Business credit can be complicated and expensive, so before rushing out and taking thousands of dollars in business loans, consider whether your business really needs a loan. It is important to look at your business holistically and consider your cash flow, balance sheet, and other factors before applying for or accepting credit.
Can You Bootstrap?
Before you start racking up business debt, take a look in the mirror for your financing and decide if you can bootstrap the business. Many business owners fund business startup and growth costs out of pocket or keep to a very low “bootstrap” budget while starting out.
Using your own resources ensures you never owe a cent to creditors. Further, investing in your business yourself shows future lenders and investors that you are confident enough to stand behind your business. If you won’t put your own assets into your business, why do you think anyone else would? In many cases, the won’t. And even if they do, you are personally on the hook to pay back the loan in many cases. That’s why funding the business yourself is often the best option for new startups and ventures.
Float Your Needs with a Business Credit or Charge Card
Once your business earns some revenue, it is an easy next step to sign up for a business credit card or charge card. With charge cards, you can borrow throughout the month but have to pay the balance in full each month. With a credit card, you can carry your balance over from month to month, but have to pay expensive interest charges on the balance.
Credit and charge cards are a great option for very short-term funding. This can give you a month or two of wiggle room and flexibility to float your supply or inventory costs without going through a major loan or borrowing process.
Just be sure you can pay it off in a month or two or you will find yourself paying a lot for interest over time.
Better Manage Your Cash Flow
If your business is bringing cash in the door, your issues might be related to cash flow and management. In this case, borrowing will cause even bigger financial problems. Instead, focus on fixing the problem rather than the symptoms. Here are some common issues for new businesses:
- Accounts Receivables – Do you have a lot of outstanding invoices? Work on improving your payment terms in customer contracts and shorten the due dates when sending invoices. Depending on your industry, there may be common terms businesses are used to paying, but you may be able to improve things on your own.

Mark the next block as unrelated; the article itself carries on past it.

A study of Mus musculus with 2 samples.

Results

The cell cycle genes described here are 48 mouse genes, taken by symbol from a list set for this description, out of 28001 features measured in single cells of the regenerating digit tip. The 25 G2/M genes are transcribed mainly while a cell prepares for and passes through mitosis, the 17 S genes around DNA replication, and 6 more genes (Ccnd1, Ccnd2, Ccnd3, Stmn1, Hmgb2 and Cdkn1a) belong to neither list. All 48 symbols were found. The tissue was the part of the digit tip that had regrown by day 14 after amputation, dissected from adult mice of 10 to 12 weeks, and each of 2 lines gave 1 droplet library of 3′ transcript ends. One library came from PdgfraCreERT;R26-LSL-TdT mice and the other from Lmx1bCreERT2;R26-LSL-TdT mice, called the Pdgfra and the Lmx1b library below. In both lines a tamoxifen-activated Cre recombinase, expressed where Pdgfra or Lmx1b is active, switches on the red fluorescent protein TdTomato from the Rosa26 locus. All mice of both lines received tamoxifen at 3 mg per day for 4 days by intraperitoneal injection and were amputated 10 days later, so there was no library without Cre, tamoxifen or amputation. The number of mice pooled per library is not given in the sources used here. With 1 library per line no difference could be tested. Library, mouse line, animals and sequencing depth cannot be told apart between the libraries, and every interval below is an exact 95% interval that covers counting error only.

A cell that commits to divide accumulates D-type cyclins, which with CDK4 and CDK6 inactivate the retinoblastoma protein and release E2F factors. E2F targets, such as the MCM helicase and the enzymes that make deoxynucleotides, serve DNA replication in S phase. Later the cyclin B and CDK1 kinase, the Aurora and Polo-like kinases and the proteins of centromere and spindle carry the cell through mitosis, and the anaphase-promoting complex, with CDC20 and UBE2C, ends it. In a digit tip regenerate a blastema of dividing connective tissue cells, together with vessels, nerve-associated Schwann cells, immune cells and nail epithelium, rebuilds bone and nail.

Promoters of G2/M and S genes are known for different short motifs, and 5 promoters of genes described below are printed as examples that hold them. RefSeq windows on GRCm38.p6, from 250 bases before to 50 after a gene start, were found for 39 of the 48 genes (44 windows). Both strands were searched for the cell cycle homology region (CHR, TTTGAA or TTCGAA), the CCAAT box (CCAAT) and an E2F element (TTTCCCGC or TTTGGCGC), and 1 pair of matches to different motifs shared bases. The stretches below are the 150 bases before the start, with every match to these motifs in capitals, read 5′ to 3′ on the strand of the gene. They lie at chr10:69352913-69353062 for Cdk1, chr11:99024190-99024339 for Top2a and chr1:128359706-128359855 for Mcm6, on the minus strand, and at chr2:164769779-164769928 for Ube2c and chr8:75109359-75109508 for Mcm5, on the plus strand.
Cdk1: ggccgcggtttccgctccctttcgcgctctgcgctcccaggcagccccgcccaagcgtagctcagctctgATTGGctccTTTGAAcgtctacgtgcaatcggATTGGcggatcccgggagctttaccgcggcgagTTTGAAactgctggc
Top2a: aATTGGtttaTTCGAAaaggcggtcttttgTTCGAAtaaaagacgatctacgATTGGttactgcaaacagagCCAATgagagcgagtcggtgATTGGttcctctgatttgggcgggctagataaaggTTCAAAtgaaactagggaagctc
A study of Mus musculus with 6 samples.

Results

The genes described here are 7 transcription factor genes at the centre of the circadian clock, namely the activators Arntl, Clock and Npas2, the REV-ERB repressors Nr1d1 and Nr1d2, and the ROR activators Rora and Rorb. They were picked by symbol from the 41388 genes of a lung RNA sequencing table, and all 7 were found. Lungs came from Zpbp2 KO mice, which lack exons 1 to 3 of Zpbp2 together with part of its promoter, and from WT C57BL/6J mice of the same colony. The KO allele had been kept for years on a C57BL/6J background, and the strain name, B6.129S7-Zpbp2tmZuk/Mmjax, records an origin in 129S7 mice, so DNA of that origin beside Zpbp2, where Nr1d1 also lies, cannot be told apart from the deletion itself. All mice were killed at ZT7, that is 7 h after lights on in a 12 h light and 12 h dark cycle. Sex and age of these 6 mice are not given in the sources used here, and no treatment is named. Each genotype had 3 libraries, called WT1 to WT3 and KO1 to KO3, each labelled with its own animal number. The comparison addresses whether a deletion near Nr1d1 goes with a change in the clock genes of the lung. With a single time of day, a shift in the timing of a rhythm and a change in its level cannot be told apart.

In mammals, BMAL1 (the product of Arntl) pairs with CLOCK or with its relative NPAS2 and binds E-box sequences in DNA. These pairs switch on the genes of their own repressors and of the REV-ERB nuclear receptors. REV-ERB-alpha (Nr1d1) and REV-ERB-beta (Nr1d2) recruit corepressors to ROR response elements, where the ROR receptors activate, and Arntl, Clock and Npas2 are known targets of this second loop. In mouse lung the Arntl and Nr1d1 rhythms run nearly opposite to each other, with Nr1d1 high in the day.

- Expense Management – Some industries are capital intensive, while others give you the ability to run with just a laptop. Whatever your business, always have your eyes on your expenses to ensure you don’t drain profits from your bottom line.
- Decrease Inventory – For businesses that sell products and stock inventory, keeping inventory on hand can be expensive. Moving towards just-in-time production or lowering stock on hand keeps your cash in the bank rather than tied up in product that’s getting dusty on a shelf.
These are just a few examples and each business is unique. Look at your own business for ideas to save money, lower overhead, and improve your cash crunch.
Save Up to Account for Lumpy Revenue
Some businesses are seasonal or see few, large transactions with long periods of no activity in between. If that describes your business, you should save up a bigger bank balance than companies that see a regular flow of cash into the business.
Saving up enough cash to easily cover slow periods or off seasons ensures you have enough funding to pay yourself, employees, and overhead costs without worrying about borrowing to cover a rough period.
Consider the Costs
Outside of friends and family, no one is going to give you money without expecting something in return. In the case of business loans, that something is interest. Loan origination and interest costs can be significant. For a new business without a long track record of success, borrowing money can come with interest rates over 20%. Before you take on new liabilities, look for options to fund your business from your own cash and operating revenues.
Getting into debt you can’t pay is the fastest route to bankruptcy and interest expense takes away from your profits, so always look at borrowing as the last option, not Plan A to keep your business afloat. If you can weather a rough season or two without borrowing, you are setting yourself up for long-term business success.